German Chancellor Angela Merkel visited Madrid on Thursday in order to hold crisis talks with Spanish President Mariano Rajoy and to take part in a German-Iberian entrepreneurial summit.
Angela Merkel said that reestablishing markets' confidence in the Eurozone was of utmost importance. Both leaders stressed that the Member States should join forces in order to attain a fiscal and political union in the euro area, which would help protect the common currency.
Merkel praised the reforms implemented by Rajoy's cabinet and expressed hope that Spain would have a realistic image of Germany, which does not try to impose difficult measures on other countries.
When asked about a possibility of Spain asking for a full EU bailout, which worries the markets, Rajoy refused to comment. The Spanish president assured however that as soon as any decisions in this respect are made, they will be officially announced. Merkel on the other hand informed that the question of conditions under which Spain could ask for a bailout was not raised at the meeting at all.
As far as ECB President Mario Draghi's intervention, Merkel diplomatically assured that the ECB “acted within its mandate and took appropriate measures.”
Draghi confirms ECB's plan to buy bonds on secondary markets
As it was highly expected (and which conviction was reinforced yesterday by a leak to the media) ECB head Mario Draghi announced on Thursday that the central bank would implement a program of purchasing government bonds in secondary markets in the Eurozone. Earlier on Thursday the Governing Council announced its decision of maintaining interest rates without changes at 0.75% in September.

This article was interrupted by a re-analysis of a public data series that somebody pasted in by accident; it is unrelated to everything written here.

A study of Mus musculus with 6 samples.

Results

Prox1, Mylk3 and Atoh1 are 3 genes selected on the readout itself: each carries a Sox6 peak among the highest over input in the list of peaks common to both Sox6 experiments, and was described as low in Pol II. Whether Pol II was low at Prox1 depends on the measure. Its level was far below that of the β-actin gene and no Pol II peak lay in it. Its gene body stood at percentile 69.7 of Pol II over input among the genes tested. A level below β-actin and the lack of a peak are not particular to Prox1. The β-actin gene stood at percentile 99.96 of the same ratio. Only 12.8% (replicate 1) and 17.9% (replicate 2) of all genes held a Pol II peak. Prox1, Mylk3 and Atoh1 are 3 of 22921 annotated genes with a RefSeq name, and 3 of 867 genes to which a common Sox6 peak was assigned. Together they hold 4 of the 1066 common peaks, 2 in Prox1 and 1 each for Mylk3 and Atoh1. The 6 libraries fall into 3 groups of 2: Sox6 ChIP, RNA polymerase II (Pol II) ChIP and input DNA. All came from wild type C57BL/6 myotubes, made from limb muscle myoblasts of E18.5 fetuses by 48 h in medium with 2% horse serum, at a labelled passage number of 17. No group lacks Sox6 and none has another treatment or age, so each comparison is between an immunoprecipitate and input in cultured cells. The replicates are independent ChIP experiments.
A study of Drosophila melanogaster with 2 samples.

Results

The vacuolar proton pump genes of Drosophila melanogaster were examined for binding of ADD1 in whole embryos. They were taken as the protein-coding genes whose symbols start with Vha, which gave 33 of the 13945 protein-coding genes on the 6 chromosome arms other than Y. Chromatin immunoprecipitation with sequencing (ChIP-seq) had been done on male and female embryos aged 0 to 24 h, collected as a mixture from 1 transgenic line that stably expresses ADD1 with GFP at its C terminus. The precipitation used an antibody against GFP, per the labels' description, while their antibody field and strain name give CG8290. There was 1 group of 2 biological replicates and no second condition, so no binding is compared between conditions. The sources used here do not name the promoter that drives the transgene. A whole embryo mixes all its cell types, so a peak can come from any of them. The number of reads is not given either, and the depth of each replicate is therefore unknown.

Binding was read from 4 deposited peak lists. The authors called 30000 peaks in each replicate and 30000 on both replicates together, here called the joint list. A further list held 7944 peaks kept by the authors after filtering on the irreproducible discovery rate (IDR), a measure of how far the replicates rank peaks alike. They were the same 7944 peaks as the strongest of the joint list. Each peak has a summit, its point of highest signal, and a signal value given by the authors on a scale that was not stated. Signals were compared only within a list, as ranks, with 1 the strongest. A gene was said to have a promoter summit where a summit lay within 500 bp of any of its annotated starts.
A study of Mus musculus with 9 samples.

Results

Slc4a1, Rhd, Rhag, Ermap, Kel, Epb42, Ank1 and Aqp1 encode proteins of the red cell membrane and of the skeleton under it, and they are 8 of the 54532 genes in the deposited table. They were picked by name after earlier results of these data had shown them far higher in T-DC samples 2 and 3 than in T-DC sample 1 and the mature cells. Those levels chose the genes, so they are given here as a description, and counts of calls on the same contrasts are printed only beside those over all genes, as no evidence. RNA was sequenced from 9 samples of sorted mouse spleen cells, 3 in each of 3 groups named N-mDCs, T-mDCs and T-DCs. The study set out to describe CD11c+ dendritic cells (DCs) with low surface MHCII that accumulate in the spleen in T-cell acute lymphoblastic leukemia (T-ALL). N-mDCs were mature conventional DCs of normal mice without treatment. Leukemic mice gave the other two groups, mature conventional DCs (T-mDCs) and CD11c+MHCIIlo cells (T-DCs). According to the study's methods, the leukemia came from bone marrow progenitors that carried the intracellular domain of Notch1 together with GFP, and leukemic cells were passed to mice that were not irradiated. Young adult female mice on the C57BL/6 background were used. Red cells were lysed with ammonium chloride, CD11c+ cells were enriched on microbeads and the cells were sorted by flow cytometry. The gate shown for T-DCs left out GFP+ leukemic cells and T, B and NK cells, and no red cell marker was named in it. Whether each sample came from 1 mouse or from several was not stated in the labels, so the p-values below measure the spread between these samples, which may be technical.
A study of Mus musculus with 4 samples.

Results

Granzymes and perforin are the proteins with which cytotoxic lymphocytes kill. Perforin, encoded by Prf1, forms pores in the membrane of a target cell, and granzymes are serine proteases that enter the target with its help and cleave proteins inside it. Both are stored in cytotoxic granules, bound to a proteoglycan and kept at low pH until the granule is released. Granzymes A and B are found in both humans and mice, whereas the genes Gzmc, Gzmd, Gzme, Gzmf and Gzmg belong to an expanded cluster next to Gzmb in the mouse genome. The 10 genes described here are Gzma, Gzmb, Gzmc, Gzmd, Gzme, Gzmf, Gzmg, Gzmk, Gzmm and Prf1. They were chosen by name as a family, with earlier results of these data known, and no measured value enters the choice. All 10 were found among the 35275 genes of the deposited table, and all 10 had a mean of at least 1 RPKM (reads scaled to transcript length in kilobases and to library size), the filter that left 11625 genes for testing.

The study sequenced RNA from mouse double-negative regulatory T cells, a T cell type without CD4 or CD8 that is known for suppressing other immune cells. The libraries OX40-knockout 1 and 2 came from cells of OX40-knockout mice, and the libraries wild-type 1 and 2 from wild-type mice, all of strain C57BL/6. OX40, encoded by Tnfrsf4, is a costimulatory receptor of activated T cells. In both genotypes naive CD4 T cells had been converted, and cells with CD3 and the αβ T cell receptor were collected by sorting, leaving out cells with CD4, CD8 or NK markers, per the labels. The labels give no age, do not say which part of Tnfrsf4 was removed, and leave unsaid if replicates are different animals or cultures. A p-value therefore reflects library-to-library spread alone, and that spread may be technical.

At the subsequent press conference Mario Draghi explained that the ECB launched the bond-buying program in order to “preserve the singleness of our monetary policy and to ensure the proper transmission of our policy stance to the real economy throughout the area.”
As the president of the ECB suggested, the so-called Outright Monetary Transactions (OMTs), “will enable us to address severe distortions in government bond markets which originate from, in particular, unfounded fears on the part of investors of the reversibility of the euro”
The president also informed that the ECB would buy bonds of a maturity between one and three years and that the purchases would be completely sterilized. He also said that there would be no limits on their quantity. The IMF's role would be to check whether the countries which want to take part in the program fulfill the required conditions.
Additionally, the ECB cut Eurozone GDP forecasts, situating them in a range between -0.6% and -0.2% for 2012 and between -0.4% and 1.4% for 2013. As for inflation, the ECB said that it would continue above 2% this year and should follow below this level in 2013.
According to Marc Chandler from BBH: “That the staff GDP forecasts were cut for this year and next are not surprising, given the recent data and the additional austerity that will be implemented in the coming months.”
Spain sees bond yields tumble at auction
During a debt auction held on Thursday, Spain sold 3.5 billion euros worth of 2-, 3- and 4-year government bonds, at the top of the targeted range. The country's borrowing costs fell considerably.
In total, the Spanish Treasury issued 682 million worth of bonds maturing in 2014, 1.4 billion of bonds maturing in 2015 y 1.3 billion maturing in 2016.
2-year bonds were sold at an average yield of 2.7%, in comparison with 4.70% seen at the previous auction. 3-year bonds yielded 3.67%, which is much lower than 5.08% seen in July, while 4-year bonds yielded 4.60%, versus 5.08% the country had to pay in August.